Thanks to books and movies we all have an idea in our mind of what a private investigator looks like… He’s busy working in his dimly-lit and often messy office located somewhere downtown. At first glance he looks like a government clerk or a garbage man or maybe just a mail delivery guy. He makes sure he’s not wearing anything that will make him stand out in a crowd. Reality is a different story.
Movies make private investigators (aka PI’s or private eyes) look impossibly heroic and certainly too good to be true. The decisions they make in a movie would otherwise land them in jail in real life. My friend Sam, an Atlanta private investigator working at e-Investigations International sets the right tone on this matter.
The gray area: pretexting
When a PI wants to find proof of any wrongdoing, he tries to extract info from witnesses or bystanders. Most of the time he uses false pretenses to acquire this information. This technique is known as pretexting. Pretexting isn’t always illegal, but is sometimes considered unethical.
Many others see it this way; if a lawful arrest is the result, who cares about the means?
The Gramm-Leach-Bliley Act pertains to acquiring info from financial bodies such as banks. It states that pretexting is against the law and is punishable. A PI may assume that pretexting in any other scenario that doesn’t involve financial information is allowed.
The scenario he/she may imagine is forcing an entry onto any premises or trespassing so as to get some clues. In many countries, including the US, entering private property without consent of the owner or without a warrant is illegal. To escape jail, most investigators carry out their surveillance from public property. Using pretexting to acquire information about insurance transactions is also illegal. Phone surveilling through wiretapping or recording devices is also against the law.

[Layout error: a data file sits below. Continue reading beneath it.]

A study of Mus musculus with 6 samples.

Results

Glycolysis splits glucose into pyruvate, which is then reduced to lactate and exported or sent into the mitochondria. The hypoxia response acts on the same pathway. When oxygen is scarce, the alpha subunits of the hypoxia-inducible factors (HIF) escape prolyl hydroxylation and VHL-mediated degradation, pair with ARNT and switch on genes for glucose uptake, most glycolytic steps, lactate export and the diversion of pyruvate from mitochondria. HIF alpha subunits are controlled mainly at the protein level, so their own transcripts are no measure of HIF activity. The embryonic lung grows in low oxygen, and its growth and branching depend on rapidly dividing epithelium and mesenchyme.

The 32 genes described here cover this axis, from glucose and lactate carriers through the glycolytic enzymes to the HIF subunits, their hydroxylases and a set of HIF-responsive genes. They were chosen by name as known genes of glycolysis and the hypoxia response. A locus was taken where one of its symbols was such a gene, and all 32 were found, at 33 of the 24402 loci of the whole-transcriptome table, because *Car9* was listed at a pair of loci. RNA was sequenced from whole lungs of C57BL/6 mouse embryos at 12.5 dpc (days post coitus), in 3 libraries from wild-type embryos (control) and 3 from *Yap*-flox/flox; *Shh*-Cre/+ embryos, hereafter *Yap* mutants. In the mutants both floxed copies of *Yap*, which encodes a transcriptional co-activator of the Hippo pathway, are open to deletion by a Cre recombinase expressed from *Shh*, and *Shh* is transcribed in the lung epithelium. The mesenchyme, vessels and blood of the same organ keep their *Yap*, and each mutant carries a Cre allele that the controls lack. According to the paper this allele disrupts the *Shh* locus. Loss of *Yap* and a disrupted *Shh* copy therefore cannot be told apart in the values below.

Most times a private eye will pretext over the phone. Fabricating lies to obtain information isn’t usually typical style for most PI’s. Most of the info that a PI needs is found in public records and database searches.
Fictional investigators may arrest, detain, and then proceed to interrogate criminals which looks exciting to us, but is illegal in the real world. This is considered kidnapping in some places while in others it may be regarded as a necessity. Citizen arrest is legal, but varies in different jurisdictions.
Private investigators’ work is sometimes considered an invasion of privacy. One example of this would be the point on forceful entry discussed above. A number of laws aimed at protecting people’s privacy have been put in place in different countries. However, these laws don’t affect whether a PI can take pictures or use pretexts to acquire information.
Private detectives are notorious when it comes to not minding their own business. It is this quality that has made them popular for both the right and wrong reasons. In movies and books, they get the information required of them, but usually spy on the most intimate moments to extract this information.
An example of when investigators were depicted as unlawful was during the HP trial in 2006 and 2007 when the company sought to find out which members of the board were leaking private information to the media. Private investigators used rogue tactics to acquire information and couldn’t justify them as legal at the time.
More and more countries are beginning to regulate these detectives and we can only hope that their perception will begin to change. Do you want to become a PI? Do you know the licensing procedures, legal issues and technicalities? Check out our next blog post to find out more on this topic.